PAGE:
Wildlife Observation

Wildlife Observation Along Kenai Nature Trail

 “Watching birds has sharpened my senses, made my hearing far more acute than most, my eyes more perceptive, my reactions quicker. This awareness has radiated far beyond the birds, embracing nearly everything that is alive, from my fellow humans to the least beetle or cricket” (Roger Tory Peterson speech to the NYS Legislature, Albany, NY, June 17, 1987).

Wildlife Observation at WVA 256 x 192Opportunities for wildlife observation are located at or along the following places: (1) the Wildlife Viewing Area; (2) Refuge Headquarters/Visitor Center area (3) Kenai Nature Trail; and (4) Wildfowl Lane (the county road that runs through the refuge).

A proposed (found in the Refuge CCP) walking loop (trail) around Pond 8 would be 1.25 miles in length and provide visitors with another opportunity to independently explore the refuge and view and photograph wildlife. This trail would extend the Kenai Nature Trail westward using the Pond 8 dike road; it would then loop south, past a former residence site, and then connect to Wildfowl Lane (figure 23).

The Refuge is a very small part (~.02%) of the large amount of the public land base, about 77%, located in Ravalli County. Yet, the Refuge contains >20 % of the palustrine wetlands in the Bitterroot Valley or about 1,000 acres. So, expect to find a good assortment of wetland associated species when wildlife watching here. Refuge Headquarters, the Kenai Nature Trail and Wildfowl Lane are places with ample opportunity to do so. Target species for management purposes are outlined in this jpeg with further explanation at our Wetlands web page.

Wildlife Observation at Pond 6 256 x 192The gallery forest on the Refuge (well represented at the Wildlife Viewing Area) seems comparable to much of this habitat type found along the 120 mile length of the Bitterroot River. Though similar, plant and animal life is not uniformly distributed over these lands; in many cases species are local and subject to annual variation. Neotropical bird species best describe what birders could look for here. Target species for management purposes are outlined in this pdf with further explanation at this link (our Bitterroot River & Riparian Forest web page). An excellent online publication from the Bitterroot Birding and Nature Trail will provide you with an overview of wildlife to look for, both on the Refuge and at 24 other places in the Bitterroot Valley.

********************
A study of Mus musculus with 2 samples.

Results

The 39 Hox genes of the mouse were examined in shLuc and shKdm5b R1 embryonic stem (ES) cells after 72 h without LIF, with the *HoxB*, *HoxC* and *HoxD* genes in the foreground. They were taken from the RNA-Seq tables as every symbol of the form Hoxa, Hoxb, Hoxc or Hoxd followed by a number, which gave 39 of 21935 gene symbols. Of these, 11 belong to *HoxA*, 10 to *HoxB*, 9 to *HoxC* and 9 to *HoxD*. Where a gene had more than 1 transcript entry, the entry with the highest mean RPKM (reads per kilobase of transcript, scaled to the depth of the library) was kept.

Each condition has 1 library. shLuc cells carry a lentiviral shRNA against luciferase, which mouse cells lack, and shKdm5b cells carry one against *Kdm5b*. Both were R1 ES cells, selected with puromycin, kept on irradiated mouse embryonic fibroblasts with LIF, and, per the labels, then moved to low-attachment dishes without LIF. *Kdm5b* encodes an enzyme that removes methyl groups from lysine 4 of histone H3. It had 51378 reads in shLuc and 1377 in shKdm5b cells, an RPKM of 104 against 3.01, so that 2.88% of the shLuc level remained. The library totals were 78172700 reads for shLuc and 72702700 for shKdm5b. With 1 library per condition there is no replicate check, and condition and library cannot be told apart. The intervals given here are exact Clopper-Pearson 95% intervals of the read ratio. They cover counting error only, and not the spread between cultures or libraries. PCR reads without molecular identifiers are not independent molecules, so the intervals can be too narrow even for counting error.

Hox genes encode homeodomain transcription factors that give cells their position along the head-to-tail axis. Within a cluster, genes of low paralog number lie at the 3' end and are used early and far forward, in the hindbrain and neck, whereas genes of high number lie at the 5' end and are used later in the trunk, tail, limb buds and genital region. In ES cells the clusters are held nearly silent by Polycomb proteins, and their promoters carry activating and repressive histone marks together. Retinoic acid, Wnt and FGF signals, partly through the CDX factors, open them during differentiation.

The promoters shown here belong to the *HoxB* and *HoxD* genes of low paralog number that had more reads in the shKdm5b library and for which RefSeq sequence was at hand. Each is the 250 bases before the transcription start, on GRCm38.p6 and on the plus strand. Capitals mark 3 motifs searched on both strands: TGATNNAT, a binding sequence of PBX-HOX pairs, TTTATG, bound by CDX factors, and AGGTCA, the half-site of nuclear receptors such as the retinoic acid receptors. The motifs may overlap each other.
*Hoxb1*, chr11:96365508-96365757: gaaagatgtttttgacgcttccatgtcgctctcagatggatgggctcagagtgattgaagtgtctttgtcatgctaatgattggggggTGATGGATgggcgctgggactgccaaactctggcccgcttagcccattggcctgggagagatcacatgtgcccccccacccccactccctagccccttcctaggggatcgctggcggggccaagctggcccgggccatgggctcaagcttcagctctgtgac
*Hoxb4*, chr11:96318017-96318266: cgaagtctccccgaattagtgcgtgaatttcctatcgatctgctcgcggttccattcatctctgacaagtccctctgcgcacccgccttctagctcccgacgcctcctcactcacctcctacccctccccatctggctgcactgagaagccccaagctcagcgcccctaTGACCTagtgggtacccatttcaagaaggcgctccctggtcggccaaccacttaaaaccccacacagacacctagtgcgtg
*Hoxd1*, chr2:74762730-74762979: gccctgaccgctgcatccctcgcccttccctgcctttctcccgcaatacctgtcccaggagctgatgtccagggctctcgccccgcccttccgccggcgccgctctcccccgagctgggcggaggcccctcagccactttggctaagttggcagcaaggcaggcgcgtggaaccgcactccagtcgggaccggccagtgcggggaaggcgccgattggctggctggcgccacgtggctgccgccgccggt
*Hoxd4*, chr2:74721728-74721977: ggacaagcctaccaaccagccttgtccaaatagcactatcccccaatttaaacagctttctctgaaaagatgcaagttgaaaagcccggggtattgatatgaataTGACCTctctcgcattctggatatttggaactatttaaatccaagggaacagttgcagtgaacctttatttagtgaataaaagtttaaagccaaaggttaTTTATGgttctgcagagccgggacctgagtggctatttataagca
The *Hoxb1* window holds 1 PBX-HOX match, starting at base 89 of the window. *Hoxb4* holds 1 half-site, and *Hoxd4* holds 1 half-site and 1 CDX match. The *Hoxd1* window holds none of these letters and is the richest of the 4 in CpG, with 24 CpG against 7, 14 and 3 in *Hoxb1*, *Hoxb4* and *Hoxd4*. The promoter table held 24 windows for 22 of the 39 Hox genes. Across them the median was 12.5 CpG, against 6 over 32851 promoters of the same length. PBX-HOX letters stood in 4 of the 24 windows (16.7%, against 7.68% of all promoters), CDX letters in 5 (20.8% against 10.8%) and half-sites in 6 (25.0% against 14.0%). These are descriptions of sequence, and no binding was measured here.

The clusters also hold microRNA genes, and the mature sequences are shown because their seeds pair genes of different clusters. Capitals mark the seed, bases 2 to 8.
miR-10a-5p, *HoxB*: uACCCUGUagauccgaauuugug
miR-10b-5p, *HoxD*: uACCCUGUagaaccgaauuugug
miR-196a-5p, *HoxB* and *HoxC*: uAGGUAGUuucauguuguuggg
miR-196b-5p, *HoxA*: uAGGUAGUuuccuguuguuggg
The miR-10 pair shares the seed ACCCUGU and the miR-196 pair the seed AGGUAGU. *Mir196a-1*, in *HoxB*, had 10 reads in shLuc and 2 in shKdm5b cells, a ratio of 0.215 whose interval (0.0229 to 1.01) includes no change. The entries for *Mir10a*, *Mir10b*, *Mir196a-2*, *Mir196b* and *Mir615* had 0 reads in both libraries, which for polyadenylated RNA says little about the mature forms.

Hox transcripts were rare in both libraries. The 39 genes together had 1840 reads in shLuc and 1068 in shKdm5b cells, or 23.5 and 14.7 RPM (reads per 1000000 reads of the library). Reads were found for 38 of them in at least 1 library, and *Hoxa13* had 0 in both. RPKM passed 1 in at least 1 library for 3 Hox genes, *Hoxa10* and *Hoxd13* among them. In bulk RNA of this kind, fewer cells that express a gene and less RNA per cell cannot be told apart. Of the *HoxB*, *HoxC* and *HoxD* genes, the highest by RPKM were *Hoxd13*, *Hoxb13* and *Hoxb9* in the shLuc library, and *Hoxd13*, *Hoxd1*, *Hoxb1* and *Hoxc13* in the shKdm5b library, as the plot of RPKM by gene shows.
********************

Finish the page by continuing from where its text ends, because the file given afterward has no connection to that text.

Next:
The upland areas of the Refuge are mostly former croplands. Restoration efforts by Refuge staff over the last several years are gradually getting these lands into a condition reflecting historic bunchgrass/shrubsteppe habitat type. Target species for management purposes are outlined in this pdf with further explanation at our Uplands web page.

Wildlife Observation at Refuge HeadquartersReview the Refuge Species List and then call, email Refuge staff (Contact page) for particulars. The Refuge has a Wildlife Checklist that is dated and out of print, but still provides a fairly accurate/useful overview of what can be found on the Refuge. 

Lastly, please reflect, be mindful of your behaviors, actions when wildlife watching. On a National Wildlife Refuge the welfare of plants and animals and their habitats come first. The American Birding Association has a Code of Ethics for you to consider and adopt. Similarly, the Mindful Birding Project has a compilation of ethical birding guidelines for "birders to have gratifying experiences while maintaining the ability of birds to behave naturally".